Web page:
Agricultural intensification drives landscape-context effects on host–parasitoid interactions in agroecosystems
Version of Record online: 20 APR 2012
© 2012 The Authors. Journal of Applied Ecology © 2012 British Ecological Society
Journal of Applied Ecology
Volume 49, Issue 3, pages 706–714, June 2012
How to Cite
Jonsson, M., Buckley, H. L., Case, B. S., Wratten, S. D., Hale, R. J. and Didham, R. K. (2012), Agricultural intensification drives landscape-context effects on host–parasitoid interactions in agroecosystems. Journal of Applied Ecology, 49: 706–714. doi: 10.1111/j.1365-2664.2012.02130.x
- Issue online: 31 MAY 2012
- Version of Record online: 20 APR 2012
- Received 20 June 2011; accepted 14 March 2012 Handling Editor: Yann Clough
Appendix S1. Selection of field sites and quantification of land-use patterns
Appendix S2. Resources for parasitoids
Appendix S3. Sensitivity analysis for the index of habitat disturbance
Appendix S4. Sensitivity analysis for structural equation models
Appendix S5. Confirmatory linear model analyses
Table S1. Summary statistics for landscape composition in circular landscapes with a 500-m radius around the centre of each study area.
Table S2. Summary statistics averaged across the 30 sites for proximate variables potentially explaining landscape effects.
Table S3. The estimated level of disturbance (k-value) used for different land-cover classes when calculating the habitat disturbance index.
Table S4. Standardized path coefficients from the structural equation models in Fig. 1, showing the direct effects, indirect effects and total effects of factors influencing parasitism.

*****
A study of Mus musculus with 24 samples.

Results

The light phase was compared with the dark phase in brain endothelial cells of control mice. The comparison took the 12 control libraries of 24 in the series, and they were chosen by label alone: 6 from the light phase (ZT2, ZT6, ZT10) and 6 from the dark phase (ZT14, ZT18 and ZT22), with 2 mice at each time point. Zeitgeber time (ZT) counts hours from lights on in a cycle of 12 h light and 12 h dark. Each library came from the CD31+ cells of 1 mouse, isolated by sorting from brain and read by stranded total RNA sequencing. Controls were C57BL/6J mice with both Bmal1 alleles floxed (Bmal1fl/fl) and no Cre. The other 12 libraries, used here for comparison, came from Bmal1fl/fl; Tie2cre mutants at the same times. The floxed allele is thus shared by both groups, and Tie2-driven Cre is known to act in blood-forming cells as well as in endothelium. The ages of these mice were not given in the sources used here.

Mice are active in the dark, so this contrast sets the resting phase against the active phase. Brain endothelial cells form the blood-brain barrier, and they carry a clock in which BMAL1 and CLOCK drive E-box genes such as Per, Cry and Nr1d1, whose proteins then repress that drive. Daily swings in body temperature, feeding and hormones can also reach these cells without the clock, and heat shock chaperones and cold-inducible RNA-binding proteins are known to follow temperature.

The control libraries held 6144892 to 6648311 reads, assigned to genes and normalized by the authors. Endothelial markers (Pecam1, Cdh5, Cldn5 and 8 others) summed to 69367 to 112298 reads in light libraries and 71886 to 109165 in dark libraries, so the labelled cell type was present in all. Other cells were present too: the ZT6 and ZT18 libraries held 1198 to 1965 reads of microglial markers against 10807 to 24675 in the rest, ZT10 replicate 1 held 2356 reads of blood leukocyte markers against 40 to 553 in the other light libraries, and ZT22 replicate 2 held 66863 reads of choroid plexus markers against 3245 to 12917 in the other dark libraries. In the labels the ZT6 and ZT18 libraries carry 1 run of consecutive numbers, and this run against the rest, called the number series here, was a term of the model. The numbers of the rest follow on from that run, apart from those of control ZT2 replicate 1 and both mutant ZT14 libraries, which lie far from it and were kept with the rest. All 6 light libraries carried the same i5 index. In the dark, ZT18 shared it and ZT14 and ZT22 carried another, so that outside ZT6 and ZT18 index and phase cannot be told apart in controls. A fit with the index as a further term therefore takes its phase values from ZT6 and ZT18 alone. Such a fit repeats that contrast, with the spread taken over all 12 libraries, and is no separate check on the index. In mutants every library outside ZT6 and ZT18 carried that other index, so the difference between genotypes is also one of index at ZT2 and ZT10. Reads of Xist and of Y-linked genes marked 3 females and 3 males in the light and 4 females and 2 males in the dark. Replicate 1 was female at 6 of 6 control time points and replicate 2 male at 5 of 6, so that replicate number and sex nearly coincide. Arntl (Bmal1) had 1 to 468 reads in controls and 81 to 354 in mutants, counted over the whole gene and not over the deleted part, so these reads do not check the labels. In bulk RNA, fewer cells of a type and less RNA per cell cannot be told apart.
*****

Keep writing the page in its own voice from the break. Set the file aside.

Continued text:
Table S5. Standardized path coefficients of ‘maximal’ structural equation models for each response variable (carried out as a sensitivity analysis to test the robustness of causal hypotheses in the primary SEM models), showing the direct effects, indirect effects and total effects of factors influencing parasitism
Table S6. Confirmatory generalized linear mixed model (GLMM) analyses testing the relative influence of ultimate and proximate factors affecting parasitism.
Table S7. Coefficients for the best-fit ultimate-driver and proximate-driver GLMM models for parasitism rates.
Fig. S1. Map of New Zealand and the Canterbury region with the locations of the 30 study fields indicated with black circles.
Fig. S2. Examples of land-use maps of landscape sectors (500-m radius around study transect) with high and low habitat type diversity.
Fig. S3. Examples of land-use maps of landscape sectors (500-m radius around study transect) with high and low annual crop cover.